I lost my favorite uncle to Alzheimer’s disease almost a decade ago. And a few years ago a good friend was diagnosed with vascular dementia from multiple small strokes (after Alzheimer’s disease, this is the most common cause of dementia). So I was happy to read about new research from the Framingham Heart Study, which found declining rates of vascular dementia. But as the editorial accompanying that study put it, “cautious optimism should not become complacency.”
Dementia affects at least 15 percent of people over age 70, with the risk increasing markedly with advancing years. It does have some biases, disproportionately afflicting women, Hispanics, and certain other minority groups, as well as unmarried people and those with less education.
Much has been written about the toll dementia takes on its sufferers and their loved ones. So many families have their personal stories. I remember my aunt saying she would never put my uncle into “one of those homes.” But in spite of her heroic efforts, she, like most, relented. She really had no choice.
There’s also an enormous toll on society. Despite the apparent declines in rates of vascular dementia, a report by the Rand Corporation predicted that the annual cost of caring for people with dementia could exceed half a trillion dollars by 2040—far outpacing that for cancer and heart disease.
Such estimates don’t even include the equally important “informal costs” of home care by family and friends. The Rand Corporation estimated that this additional cost can nearly double the total societal expense. Millions of Americans provide home care for family members with dementia, greatly reducing family finances and national productivity. With conditions such as Alzheimer’s, part of the problem is that care is generally needed for years. And demographic shifts mean that there will be far fewer caregivers in the future.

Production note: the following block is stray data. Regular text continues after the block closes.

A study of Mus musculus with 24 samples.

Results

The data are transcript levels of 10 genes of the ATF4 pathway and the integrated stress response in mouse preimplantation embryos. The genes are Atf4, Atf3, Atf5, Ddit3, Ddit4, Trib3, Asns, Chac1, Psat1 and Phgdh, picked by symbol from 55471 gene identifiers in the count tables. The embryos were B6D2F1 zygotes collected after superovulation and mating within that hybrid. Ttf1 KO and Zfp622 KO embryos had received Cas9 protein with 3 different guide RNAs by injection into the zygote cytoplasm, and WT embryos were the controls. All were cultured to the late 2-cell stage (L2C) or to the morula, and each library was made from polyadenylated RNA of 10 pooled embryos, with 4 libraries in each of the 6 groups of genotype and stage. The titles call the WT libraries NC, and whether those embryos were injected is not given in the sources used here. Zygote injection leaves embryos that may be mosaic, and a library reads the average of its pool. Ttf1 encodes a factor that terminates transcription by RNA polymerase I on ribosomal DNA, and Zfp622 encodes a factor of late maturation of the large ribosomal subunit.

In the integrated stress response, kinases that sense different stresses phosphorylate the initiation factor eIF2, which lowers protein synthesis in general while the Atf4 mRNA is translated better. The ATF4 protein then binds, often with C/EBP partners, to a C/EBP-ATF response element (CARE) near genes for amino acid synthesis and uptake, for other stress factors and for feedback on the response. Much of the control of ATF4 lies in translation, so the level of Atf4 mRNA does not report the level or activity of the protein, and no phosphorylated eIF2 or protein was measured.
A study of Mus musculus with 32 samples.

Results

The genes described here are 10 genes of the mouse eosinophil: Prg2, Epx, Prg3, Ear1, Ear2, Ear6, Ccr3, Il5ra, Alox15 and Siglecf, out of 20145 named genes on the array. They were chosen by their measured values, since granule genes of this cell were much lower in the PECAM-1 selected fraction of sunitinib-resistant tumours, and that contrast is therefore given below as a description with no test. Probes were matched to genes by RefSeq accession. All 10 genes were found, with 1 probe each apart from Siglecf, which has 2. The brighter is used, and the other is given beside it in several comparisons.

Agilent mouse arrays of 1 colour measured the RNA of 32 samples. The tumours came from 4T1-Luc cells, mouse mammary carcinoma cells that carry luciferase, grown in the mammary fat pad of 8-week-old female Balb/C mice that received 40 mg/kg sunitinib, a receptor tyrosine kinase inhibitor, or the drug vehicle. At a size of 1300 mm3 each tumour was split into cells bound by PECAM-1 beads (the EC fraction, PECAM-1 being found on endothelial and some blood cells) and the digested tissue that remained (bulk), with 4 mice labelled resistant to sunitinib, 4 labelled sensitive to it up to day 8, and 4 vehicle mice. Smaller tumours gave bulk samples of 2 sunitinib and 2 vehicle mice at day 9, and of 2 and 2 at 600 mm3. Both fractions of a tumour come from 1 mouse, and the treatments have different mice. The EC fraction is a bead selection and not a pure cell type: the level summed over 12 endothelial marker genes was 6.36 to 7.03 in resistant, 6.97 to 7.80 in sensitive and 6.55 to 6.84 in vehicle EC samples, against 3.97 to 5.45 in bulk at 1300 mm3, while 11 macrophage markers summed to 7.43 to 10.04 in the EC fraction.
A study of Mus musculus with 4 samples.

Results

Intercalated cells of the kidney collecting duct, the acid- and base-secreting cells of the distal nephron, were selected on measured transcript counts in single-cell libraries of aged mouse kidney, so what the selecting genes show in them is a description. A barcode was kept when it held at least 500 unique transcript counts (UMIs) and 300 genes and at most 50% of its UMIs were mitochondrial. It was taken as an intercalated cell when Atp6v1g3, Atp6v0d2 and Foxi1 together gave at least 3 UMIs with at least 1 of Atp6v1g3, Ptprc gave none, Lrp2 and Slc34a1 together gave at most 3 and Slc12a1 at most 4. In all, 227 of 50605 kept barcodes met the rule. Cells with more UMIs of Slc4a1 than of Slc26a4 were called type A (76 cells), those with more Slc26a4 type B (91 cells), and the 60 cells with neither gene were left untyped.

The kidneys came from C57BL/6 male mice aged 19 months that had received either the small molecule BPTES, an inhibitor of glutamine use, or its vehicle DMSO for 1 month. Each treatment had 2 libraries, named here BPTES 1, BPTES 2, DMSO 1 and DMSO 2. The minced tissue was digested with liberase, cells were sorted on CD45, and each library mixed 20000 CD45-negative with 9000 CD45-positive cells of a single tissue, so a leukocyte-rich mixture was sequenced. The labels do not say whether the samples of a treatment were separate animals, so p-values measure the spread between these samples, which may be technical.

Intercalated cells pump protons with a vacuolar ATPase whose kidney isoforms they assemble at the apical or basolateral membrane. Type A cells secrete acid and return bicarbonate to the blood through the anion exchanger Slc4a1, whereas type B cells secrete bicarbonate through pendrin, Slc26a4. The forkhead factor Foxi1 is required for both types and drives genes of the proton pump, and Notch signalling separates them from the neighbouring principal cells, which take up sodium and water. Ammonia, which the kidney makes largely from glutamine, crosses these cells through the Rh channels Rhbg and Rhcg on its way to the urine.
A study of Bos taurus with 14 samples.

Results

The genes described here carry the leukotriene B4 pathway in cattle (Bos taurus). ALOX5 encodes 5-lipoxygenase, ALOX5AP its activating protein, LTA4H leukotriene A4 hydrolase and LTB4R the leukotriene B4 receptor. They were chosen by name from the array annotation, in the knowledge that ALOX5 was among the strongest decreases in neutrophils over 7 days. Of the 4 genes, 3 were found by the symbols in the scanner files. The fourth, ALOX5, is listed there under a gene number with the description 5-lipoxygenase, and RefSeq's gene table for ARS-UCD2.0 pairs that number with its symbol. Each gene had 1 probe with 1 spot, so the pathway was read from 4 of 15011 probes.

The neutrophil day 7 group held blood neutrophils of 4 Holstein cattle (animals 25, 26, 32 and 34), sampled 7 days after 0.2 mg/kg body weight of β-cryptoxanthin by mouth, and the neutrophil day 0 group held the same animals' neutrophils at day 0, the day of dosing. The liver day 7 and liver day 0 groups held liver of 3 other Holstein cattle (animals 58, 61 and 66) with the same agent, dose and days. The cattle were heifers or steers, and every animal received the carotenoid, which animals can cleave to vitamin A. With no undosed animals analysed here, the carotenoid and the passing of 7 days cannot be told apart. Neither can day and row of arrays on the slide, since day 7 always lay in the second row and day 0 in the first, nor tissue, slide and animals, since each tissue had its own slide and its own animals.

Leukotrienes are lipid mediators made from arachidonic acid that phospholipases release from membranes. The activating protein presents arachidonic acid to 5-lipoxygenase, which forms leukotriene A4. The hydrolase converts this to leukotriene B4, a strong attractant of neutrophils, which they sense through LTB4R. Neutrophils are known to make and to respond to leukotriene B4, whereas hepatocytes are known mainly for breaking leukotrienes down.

We urgently need to find better societal solutions while we await effective medical treatments and means of prevention. Some experts advocate insurance-style programs in which the costs of long-term care would be spread across the entire population. But as my colleague Teh-wei Hu, PhD, a health economist here at UC Berkeley and member of our Editorial Board, points out, the American public probably would be unwilling to pay the high price for such cost-sharing programs.
Where should we invest our money to tackle this problem? I’d invest in two areas. First, a Manhattan Project to investigate the underlying causes of—and treatments for—Alzheimer’s disease. Second, more aggressive public health campaigns to inform Americans about preventive measures against other types of dementia. Vascular dementia is largely preventable by the same steps that help protect the heart—notably exercise, a healthy diet, controlling blood cholesterol and blood pressure, and not smoking. Progress has been made in improving such cardiovascular risk factors, but because of disparities in health care as well as in education, large groups of Americans have been left behind.
As for Alzheimer’s disease, I remain hopeful, based on our scientific achievements in medicine and public health over the past 150 years. Think of diphtheria, one of the most devastating diseases of the 19th and early 20th centuries. In 1920 alone, more than 200,000 Americans, many of them children, developed the disease and at least 15,000 died from it. Today it is prevented by a simple shot. Alzheimer’s disease is a tough nut to crack, but so was diphtheria before we understood its cause and how vaccines work. Perhaps we’ll discover a vaccine against Alzheimer’s as well—or at least effective drugs for it. I do believe this is a problem we can solve.